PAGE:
Monday, April 05, 2010

Dr Coppola's "A Pediatric Surgeon in Iraq" (a review by 911doc)

I can't help but stand in awe of surgeons. I thought I was going to be one when I went to medical school, but my short attention span and my lack of true interest in the procedures spelled doom for that. Still, when I work in the ER and I have a surgical patient, I especially want to dot my i's and cross my t's because I want to set the surgeon up for success.

Now amongst the surgeons, the pediatric surgeons are, perhaps, the studliest of studs. Something about the 9 to 10 years of hell they go through after medical school just flat out floors me. And they do it all to become excellent at performing surgery on kids of all ages. Talk about pressure. My hat is off to them and may God bless them.

Dr. Chris Coppola, a United States Air Force surgeon, wrote the book you see pictured above. You may read more about it or buy it here at 35% off retail. He wrote it after two four-month tours at Balad Air Base Hospital, just outside Baghdad. It does not disappoint.

So what is a pediatric surgeon doing in Iraq? Well, he's doing surgery and lots of it. It is an inevitable consequence of war that kids end up in the line of fire, and he operates on adults as well. The book is worthy on this account alone for Dr. Coppola moves heaven and earth for the children of Iraq that somehow arrive in the Balad E.R.

I found the book compelling for other reasons as well:

* Dr. Coppola does not take a stand for or against the war, but, in a variety of personal encounters, tells us what the Iraqi people that he meets think of the American effort.

* Dr. Coppola tells us his gut reaction to seeing a female American soldier who had died in combat and failed resuscitation. This consequence of the change in military policy following tailhook is not often spoken of and it's very disturbing.

* Dr. Coppola speaks of the terribly conflicting emotions he experienced while taking care of terrorists who had sent so many people to their deaths. It is US policy to treat all wounded, sick, and injured, regardless of their affiliation.

Dr. Coppola also weaves his daily emotional state into the narrative and all I can say after reading it is "thank you, Sir." His world of sleeplessness, separation from family, mortar blasts, and bloody messes in the OR truly helped me to realize that however much the ER sucks, it could be worse, it could be in Iraq. Buy this book.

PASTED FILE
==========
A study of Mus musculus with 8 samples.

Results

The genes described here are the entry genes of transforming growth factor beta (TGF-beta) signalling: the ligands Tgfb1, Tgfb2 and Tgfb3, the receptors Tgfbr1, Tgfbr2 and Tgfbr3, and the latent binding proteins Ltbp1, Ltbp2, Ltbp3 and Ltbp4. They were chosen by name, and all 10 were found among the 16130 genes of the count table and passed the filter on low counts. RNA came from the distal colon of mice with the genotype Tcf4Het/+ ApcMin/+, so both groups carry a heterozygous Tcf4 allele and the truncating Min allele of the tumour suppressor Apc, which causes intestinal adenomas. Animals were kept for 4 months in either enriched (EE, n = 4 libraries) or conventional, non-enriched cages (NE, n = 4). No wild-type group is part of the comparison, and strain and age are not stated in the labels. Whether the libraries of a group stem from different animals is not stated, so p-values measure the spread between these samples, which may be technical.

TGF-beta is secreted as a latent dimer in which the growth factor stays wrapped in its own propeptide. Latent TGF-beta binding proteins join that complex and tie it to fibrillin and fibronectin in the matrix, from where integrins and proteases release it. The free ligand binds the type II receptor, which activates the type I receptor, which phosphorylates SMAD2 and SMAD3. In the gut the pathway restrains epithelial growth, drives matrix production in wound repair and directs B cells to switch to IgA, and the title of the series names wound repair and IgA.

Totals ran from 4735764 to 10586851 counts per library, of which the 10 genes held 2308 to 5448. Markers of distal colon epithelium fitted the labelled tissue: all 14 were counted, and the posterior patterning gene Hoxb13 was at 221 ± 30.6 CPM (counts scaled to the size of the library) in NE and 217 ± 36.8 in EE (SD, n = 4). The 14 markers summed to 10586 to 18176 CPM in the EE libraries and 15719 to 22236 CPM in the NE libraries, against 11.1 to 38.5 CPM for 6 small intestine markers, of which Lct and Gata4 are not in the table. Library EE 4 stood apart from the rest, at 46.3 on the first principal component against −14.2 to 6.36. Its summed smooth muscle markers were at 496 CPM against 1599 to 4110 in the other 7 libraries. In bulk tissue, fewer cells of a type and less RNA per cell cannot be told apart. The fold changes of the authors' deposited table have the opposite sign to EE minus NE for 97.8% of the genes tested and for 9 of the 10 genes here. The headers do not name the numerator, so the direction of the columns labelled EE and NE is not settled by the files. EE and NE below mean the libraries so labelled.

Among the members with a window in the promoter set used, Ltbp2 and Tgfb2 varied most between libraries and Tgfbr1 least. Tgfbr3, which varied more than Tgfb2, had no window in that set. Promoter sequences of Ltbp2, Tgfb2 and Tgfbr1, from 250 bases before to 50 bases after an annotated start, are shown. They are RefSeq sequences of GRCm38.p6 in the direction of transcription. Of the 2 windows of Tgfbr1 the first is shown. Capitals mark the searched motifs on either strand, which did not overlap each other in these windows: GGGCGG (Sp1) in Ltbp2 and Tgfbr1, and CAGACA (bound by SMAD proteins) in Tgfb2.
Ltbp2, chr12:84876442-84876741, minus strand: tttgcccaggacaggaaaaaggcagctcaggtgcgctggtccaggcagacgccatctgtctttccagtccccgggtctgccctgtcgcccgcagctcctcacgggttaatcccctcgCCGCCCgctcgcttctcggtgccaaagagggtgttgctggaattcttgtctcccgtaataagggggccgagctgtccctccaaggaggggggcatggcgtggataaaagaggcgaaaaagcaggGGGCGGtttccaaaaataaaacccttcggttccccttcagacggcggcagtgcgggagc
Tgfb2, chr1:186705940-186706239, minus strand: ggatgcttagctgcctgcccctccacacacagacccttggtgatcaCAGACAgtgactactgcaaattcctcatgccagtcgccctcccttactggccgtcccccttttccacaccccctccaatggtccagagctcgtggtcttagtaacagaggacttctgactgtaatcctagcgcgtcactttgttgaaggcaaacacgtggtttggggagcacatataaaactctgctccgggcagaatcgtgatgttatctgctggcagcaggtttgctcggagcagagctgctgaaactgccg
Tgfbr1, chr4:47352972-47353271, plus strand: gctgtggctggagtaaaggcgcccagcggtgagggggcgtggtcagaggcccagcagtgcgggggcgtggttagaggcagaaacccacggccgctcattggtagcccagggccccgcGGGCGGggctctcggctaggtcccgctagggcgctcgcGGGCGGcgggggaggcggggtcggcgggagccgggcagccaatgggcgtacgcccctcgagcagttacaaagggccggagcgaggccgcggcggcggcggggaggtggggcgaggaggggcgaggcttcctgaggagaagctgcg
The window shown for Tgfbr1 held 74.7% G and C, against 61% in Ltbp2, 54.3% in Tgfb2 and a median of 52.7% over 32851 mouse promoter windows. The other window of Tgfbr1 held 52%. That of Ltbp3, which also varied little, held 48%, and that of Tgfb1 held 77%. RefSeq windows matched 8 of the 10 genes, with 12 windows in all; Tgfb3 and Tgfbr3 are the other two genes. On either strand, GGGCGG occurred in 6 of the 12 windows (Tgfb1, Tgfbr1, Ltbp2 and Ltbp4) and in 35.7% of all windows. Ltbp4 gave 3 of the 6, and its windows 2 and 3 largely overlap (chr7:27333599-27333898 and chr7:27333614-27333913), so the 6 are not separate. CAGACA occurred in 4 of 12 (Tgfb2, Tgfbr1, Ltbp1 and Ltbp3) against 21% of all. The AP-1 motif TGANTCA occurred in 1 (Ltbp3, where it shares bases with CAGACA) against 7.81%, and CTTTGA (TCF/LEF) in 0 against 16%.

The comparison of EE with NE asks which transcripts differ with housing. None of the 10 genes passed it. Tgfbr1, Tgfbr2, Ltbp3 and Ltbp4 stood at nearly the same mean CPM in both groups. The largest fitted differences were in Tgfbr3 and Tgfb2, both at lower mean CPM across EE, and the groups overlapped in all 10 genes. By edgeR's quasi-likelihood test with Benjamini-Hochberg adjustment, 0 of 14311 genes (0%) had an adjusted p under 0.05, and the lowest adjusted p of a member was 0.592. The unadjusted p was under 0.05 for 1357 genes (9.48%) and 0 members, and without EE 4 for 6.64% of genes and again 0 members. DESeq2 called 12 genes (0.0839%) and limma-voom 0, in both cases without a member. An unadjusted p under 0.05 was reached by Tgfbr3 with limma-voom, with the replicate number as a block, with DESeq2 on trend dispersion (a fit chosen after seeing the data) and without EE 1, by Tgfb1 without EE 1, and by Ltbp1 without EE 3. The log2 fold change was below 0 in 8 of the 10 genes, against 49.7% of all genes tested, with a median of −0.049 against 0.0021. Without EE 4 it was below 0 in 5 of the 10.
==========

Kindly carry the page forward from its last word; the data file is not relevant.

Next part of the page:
About the Author:
Dr. Chris Coppola received his medical degree from the John Hopkins University School of Medicine, trained in surgery at Yale University, and completed pediatric surgery specialty training at the Children’s National Medical Center. He has served as the consultant to the Surgeon General of the Air Force in pediatric surgery and has completed humanitarian missions to Haiti and Brazil. He lives in Danville, Pennsylvania.


  1. I wanted to be a Surgeon too...can't blame lack of interest or short attention span, more my criminlal lack of manual dexterity...throw in bein lefthanded and it was clear the only way I was gettin the OR was either as a patient or wheelin one in..


  2. I feel like this book is going to make me cry. My birthday is in 2 weeks and I am adding this to my list of things I would like. I think this is the only thing on that list so I bet I have a good chance of getting it.

  3. Dear 911doc,

    Thank you very much for your wonderful, insightful review of my book. It is very gratifying to know that the emotion and will of the incredible people I met in Iraq has come through in some small way. Best wishes, and thanks for making order of the chaos in the ED: I'd get lost in it!

    Chris Coppola

  4. I look forward to reading this.

    In a different vein, Lone Survivor by Marcus Luttrell is also a wonderful book about the brave men of the Navy Seals and his experiences in Afghanistan.


  5. My pleasure Colonel. Truly it was. And thank you for your service.

  6. When did being a surgeon become a specialty? Just curious, because my dad was a general practitioner, but did do routine surgeries. I didn't really think about it until you wrote this, but there are a lot of services that used to be performed by general physicians/surgeons that now are referred to specialists. For example, when our middle son broke his arm, he was referred to an orthopedist, even though it was a simple fracture.

  7. How longs Surgery been a Specialty? Since the founding of the American Board of Surgery in 1937, and if you haven't heard about the attack on Pearl Harbor I won't spoil the ending for ya...Legally, an MD lets you do anything ya want medically...its findin the Hospital that'll let you in the door thats the hard part. If you have a sap, I mean patient who'll sign an "informed" consent you can do craniotomys in your Garage, or Vasectomys like I do...
    and the referring things entirely due to malpractice risks, I refer anything remotely related to the musculoskeletal system, heck, I'll refer someone who's friggin Great Grandmother had a sprained ankle...
    And you don't really need a specialist for most things, just ask Michael Jackson...

  8. Surgery in the garage? Vasectomies with a weed whacker?

  9. My mom sent my birthday present a bit early and she bought me the book. Hooray! Can't wait to read it.